The Secret of Kells

"Excellent"
The Secret of Kells

Facts and Figures

Genre: Animation

Run time: 75 mins

In Theaters: Wednesday 11th February 2009

Box Office USA: $0.7M

Distributed by: GKIDS

Production compaines: Gébéka Films

Reviews

Contactmusic.com: 4 / 5

Rotten Tomatoes: 91%
Fresh: 73 Rotten: 7

IMDB: 7.6 / 10

Cast & Crew

Director: Tomm Moore

Starring: Evan McGuire as Brendan, as Abbot Cellach, Liam Hourican as Brother Tang/Leonardo, Mick Lally as Brother Aidan, Michael McGrath as Adult Brendan, Christen Mooney as Aisling, Paul Tylak as Brother Assoua, as Brother Square

The Secret of Kells Review


Stunning imagery and an unusual story lift this far above the average animated feature. With its deeply Irish themes and an inventive approach to illustration, it's like an ancient folk tale storybook come to life. No wonder Oscar voters noticed it.

In a Medieval village called Kells, the young Brendan (voiced by McGuire) has never been outside the walls. His uncle (Gleeson) is the abbot, and is only concerned with building strong defences against the marauding Viking horde. But Brendan and the other monks have art and history on their minds, and find themselves entranced when Father Aidan (Lally) comes to visit, bringing his mysterious, legendary book. Aidan takes an interest in Brendan, sparking his creativity and curiosity to venture into the forest outside the walls, where he meets the mysterious Aisling (Mooney).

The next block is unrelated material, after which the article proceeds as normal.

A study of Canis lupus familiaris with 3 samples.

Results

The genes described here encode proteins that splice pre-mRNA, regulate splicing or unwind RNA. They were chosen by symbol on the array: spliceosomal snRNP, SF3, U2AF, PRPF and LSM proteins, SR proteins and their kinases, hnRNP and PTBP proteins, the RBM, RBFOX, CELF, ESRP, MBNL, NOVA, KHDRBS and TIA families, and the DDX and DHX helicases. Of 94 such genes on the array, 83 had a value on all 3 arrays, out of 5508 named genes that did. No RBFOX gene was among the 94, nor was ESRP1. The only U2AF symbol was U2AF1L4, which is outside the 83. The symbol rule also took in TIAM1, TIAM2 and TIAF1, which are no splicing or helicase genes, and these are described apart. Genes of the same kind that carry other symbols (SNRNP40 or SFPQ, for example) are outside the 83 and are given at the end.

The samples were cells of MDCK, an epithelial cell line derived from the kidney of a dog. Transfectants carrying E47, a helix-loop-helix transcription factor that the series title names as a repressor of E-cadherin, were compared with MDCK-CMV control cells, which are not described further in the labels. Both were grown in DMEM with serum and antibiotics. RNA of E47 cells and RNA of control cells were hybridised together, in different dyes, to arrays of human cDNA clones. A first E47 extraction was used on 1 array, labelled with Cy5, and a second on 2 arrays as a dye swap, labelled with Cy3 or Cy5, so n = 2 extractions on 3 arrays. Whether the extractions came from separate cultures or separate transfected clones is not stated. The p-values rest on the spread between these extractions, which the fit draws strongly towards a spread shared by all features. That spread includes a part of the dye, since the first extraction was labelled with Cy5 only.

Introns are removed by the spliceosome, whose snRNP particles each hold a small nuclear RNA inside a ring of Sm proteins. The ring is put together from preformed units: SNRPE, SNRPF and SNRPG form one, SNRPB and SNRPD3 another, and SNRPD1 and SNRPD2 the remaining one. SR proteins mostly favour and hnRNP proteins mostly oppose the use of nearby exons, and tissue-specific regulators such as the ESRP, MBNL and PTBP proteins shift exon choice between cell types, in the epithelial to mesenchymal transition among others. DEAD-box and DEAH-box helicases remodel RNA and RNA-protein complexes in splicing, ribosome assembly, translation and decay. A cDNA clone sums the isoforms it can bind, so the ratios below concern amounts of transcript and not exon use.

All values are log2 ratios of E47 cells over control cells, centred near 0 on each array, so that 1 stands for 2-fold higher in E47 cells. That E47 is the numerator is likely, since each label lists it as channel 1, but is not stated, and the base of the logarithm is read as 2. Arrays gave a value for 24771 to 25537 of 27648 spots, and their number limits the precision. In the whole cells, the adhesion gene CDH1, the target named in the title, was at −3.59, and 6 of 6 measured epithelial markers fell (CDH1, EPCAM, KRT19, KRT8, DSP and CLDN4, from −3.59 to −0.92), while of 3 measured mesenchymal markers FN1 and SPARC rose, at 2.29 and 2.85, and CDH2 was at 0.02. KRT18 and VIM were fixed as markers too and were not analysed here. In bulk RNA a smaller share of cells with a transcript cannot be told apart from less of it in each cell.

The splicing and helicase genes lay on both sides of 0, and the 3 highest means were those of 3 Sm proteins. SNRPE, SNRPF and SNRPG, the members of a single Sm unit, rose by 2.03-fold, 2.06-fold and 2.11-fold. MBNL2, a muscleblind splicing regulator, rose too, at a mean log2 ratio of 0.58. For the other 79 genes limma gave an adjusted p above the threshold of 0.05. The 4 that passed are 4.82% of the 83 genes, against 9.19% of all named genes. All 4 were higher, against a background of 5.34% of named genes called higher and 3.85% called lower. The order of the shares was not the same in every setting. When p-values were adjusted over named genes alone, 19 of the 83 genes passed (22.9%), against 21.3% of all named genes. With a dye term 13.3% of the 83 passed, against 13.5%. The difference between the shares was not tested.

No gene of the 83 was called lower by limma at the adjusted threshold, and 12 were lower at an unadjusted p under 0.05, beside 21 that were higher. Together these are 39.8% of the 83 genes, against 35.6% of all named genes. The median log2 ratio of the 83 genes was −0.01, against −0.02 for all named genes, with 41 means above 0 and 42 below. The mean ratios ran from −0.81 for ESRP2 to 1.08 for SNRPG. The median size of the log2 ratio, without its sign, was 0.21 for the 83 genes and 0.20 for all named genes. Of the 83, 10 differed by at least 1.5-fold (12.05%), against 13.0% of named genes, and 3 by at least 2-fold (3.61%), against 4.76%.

Not only is this a beautifully simple story about inner yearning and humanity, but there are clear parallels with today's world as an unseen threat of attack warps our priorities and causes us to miss the important things that are happening around us. The film's script touches on all of this without ever being obvious about it, using warmth and wit as well as quietly churning suspense and telling, minimal dialog.

And just as impressive is the way it's been animated by a multi-national crew.

The imagery is simply mesmerising, constantly in motion, playing with depth of field and deftly using colour and texture to create moods and feelings. The drawings are largely flat, and yet they achieve a layering so profound that we often feel like we're falling right into the scenes. The use of colour is especially vivid, sharply creating emotions and suspense.

This is lyrical and clever filmmaking, appealing to the imaginative child inside of us as we remember visualising our bedtime stories springing into action around us. It also playfully approaches a true story from Irish history with originality and skill. It's the kind of movie that will leave children mute with wonder and adults deeply moved. And the sheer magic of the tale feels like a timeless legend that we'll never forget.